That we should have some system of enabling poor people to have a roof over their heads seems sensible enough. That we should have the one we do have seems a little less certain. For the way we’re defining what is affordable, and thus worthy of subsidy to produce, is a method which insists that a city entirely full of wondrously affordable housing doesn’t have any affordable housing.
We’re not just being picky when we suggest that this isn’t a sensible manner of deciding how to spend the wealth of the nation.
Some of the UK’s biggest cities are allowing developers to plan huge new residential developments containing little or no affordable housing, a Guardian Cities investigation has found.
In Manchester, none of the 14,667 homes in big developments granted planning permission in the last two years are set to be “affordable”, planning documents show – in direct contravention of its own rules, and leading to worries that London’s affordable housing crisis is spreading.
There’s no reason at all why any specific development should contain affordable housing. Only that all are able to afford housing. So, what’s the definition being used?
….met the government’s affordable definition. That says homes must either be offered for social rent (often known as council housing), or rented at no more than 80% of the local market rate.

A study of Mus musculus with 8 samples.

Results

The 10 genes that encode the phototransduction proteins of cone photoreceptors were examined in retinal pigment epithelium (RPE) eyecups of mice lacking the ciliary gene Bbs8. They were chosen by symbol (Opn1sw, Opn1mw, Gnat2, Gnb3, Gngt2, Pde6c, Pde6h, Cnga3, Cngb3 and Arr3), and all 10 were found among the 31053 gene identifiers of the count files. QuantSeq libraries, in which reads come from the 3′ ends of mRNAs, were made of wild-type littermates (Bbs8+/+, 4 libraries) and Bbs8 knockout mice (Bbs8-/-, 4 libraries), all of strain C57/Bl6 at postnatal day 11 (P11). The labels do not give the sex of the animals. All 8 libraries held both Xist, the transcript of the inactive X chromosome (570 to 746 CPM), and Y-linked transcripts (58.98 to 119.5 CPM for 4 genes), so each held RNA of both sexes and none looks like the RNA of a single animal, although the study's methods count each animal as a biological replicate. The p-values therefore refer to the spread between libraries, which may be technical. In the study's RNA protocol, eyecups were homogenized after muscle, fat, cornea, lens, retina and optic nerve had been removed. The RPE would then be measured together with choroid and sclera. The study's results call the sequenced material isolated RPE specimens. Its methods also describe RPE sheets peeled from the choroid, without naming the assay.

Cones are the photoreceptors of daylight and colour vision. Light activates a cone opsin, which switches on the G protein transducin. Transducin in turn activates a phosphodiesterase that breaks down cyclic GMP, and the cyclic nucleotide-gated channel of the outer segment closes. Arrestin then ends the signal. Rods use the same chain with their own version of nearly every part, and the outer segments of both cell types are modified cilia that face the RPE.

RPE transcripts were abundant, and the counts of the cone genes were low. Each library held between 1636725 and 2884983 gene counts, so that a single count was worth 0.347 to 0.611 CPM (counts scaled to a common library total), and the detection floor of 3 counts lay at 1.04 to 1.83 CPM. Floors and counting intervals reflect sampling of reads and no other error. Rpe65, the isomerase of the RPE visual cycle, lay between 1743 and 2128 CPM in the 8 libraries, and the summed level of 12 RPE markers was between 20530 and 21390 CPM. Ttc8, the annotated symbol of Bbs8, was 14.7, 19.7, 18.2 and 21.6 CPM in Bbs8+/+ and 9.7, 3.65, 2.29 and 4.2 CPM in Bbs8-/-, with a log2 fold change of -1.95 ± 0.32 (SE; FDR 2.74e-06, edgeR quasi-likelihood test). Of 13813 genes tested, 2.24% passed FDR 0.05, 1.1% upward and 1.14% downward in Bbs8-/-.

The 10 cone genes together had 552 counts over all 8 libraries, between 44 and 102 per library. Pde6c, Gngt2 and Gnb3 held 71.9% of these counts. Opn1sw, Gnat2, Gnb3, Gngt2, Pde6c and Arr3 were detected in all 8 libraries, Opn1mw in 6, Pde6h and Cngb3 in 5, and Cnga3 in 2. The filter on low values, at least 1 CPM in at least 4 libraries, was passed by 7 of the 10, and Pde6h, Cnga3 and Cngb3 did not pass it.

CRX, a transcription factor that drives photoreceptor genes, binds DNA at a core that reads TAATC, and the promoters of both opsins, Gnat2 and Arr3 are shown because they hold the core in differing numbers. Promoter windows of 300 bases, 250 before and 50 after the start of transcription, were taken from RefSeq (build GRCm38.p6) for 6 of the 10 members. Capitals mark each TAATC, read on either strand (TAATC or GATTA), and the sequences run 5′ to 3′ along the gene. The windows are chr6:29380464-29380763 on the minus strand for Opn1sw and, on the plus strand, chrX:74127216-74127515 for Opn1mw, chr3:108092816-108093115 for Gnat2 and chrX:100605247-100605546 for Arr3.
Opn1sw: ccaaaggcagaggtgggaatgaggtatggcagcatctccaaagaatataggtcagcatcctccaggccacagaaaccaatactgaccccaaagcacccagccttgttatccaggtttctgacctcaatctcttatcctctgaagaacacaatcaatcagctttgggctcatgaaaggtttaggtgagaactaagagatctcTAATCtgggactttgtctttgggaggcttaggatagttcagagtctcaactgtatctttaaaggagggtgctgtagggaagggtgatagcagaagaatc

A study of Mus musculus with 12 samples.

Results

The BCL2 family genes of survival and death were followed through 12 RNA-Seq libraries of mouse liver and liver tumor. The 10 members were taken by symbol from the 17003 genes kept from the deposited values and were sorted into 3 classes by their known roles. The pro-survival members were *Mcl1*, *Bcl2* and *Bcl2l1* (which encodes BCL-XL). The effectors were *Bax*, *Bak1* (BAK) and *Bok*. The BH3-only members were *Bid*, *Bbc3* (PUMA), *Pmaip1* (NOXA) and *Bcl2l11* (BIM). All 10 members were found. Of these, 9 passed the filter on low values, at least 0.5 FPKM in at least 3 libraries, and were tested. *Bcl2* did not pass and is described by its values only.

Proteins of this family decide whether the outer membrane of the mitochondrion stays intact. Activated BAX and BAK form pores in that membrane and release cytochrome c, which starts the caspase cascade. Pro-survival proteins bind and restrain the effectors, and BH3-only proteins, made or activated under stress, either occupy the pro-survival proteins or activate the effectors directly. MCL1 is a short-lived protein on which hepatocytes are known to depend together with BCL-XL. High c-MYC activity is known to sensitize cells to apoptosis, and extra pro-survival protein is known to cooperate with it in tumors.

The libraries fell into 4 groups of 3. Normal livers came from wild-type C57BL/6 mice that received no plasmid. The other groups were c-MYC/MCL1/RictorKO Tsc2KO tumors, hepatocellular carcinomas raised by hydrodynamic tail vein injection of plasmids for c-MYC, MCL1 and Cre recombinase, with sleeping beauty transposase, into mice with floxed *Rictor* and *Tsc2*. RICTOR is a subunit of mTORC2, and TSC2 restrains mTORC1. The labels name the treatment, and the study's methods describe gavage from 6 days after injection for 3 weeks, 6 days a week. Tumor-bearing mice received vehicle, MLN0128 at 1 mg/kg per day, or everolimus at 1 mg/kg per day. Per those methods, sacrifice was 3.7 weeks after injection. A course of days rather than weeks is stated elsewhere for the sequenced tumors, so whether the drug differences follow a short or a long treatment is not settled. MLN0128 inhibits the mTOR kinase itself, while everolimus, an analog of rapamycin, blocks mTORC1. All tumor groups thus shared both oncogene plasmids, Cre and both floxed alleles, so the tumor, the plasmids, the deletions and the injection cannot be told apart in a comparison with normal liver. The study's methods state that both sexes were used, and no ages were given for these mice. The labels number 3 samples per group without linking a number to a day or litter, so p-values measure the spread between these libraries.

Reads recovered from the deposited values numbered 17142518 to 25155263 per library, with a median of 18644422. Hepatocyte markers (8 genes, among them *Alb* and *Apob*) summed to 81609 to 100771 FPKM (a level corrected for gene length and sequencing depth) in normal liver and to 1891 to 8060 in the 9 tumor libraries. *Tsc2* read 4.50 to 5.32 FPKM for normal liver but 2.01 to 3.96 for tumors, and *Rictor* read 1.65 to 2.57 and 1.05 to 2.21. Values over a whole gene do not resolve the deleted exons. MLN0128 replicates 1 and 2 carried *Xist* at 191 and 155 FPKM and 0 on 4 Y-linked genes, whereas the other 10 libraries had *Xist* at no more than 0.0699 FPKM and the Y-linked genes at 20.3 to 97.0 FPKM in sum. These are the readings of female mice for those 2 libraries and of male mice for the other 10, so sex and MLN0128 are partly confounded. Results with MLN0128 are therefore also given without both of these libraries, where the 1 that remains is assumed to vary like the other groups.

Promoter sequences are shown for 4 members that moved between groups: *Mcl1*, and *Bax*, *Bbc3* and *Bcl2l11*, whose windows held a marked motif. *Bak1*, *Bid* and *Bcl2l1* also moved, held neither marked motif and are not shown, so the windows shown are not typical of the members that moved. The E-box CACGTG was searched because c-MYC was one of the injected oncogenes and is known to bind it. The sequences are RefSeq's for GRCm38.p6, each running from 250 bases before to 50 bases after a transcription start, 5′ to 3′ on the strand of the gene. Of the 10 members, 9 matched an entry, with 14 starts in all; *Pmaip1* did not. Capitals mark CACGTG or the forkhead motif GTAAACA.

But that’s absurd. If housing is £1 a week and there’s nothing at 80 pence then there’s no affordable housing. Quite putridly stupid in fact.
Looking around a 2 bed costs £525 a month in Manchester.
Two bedroom properties were the most common type surveyed by the Valuation Office Agency, and across the 10,780 two-beds in Greater Manchester they were found to have an average rental price of £525.
It’s rents to local wages that matter of course:
At an average of £29,900, annual pay in the north west is more than £3,000 lower than the UK average of £33,500.
Note that’s not household income. Nor is it income after any welfare benefits. That’s purely market income per working person. Rents on a 2 bed therefore seem to be around 20% of gross wages. Entirely affordable.
And thus we see the problem with a relative definition of affordable rent, the one we’re using. In a city with entirely affordable rents we’re insistent that there’s no affordable housing. Proving that we’re using the wrong measure of affordable housing, no?